An entrance to the territory -- the Qalandia checkpoint, north of Jerusalem -- includes a series of these red signs warning Israelis to stay out.
After going through the checkpoint, the scene is busy, dusty and filled with concrete walls Israel built for security.
Israel constructed a concrete barrier more than a decade ago to prevent terrorism from the West Bank. Palestinians have since drawn graffiti on many parts of the wall.
Down the road, I found Ramallah, a modern city filled with towers of glass and limestone.
Khaled Abu Al Kheir is co-founder and CEO of PinchPoint, a Palestinian mobile gaming company. His firm got a lot of notice last year with the debut of its first title, Spermania, a racing game about a cartoon sperm.
Mousa Hamad, an intern at PinchPoint.
Yasmin Eid, a PinchPoint artist, is busy drawing a cartoon chicken.
My guide in Ramallah, Nuha Musleh, serves up lunch at her art gallery on the outskirts of the central district.
Faris Zaher, CEO of hotel-booking startup Yamsafer, says his company outlasted many competitors from Jordan and Dubai because "We're hungrier."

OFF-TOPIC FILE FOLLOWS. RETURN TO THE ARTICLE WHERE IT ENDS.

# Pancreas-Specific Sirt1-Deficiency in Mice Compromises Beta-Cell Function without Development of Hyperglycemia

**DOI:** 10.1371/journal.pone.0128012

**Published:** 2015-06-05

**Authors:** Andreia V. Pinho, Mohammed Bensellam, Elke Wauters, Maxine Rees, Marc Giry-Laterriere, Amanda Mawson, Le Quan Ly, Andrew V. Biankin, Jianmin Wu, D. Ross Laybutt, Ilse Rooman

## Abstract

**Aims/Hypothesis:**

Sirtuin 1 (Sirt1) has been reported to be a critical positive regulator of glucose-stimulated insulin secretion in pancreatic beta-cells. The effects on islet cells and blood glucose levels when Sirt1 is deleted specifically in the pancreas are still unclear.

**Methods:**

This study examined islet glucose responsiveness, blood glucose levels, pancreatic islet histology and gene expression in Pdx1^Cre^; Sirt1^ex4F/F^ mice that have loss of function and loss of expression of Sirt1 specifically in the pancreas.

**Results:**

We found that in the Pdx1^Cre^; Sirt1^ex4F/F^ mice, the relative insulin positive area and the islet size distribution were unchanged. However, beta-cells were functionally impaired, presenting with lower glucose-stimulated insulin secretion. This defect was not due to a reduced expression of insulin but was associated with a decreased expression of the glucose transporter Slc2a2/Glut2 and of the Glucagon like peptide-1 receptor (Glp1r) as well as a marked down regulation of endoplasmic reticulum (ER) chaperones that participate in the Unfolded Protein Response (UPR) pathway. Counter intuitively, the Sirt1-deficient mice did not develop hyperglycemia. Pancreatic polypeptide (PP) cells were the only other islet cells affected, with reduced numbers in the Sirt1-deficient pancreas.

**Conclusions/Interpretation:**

Inside the company's call center, where Yamsafer employees field travelers' requests and questions.
Here, a handful of Yamsafer workers take a break while looking out at Ramallah from their company's 11th-floor offices.
The leaders of Mashvisor, a real-estate analytics company founded late last year, want to help build up the Palestinian tech scene.
"It's still a young ecosystem, it's small," CEO Peter Abualzolof said, "but companies like Yamsafer are definitely leading the way."
Ramallah's central market is hectic, filled with people, storefronts and noise.
Here, a man on a megaphone calls for people to attend a protest that night.
A handful of men wearing bright-red outfits sell sweet drinks to drivers.
Here's one of a handful of fruit stands lining the sideways in the market.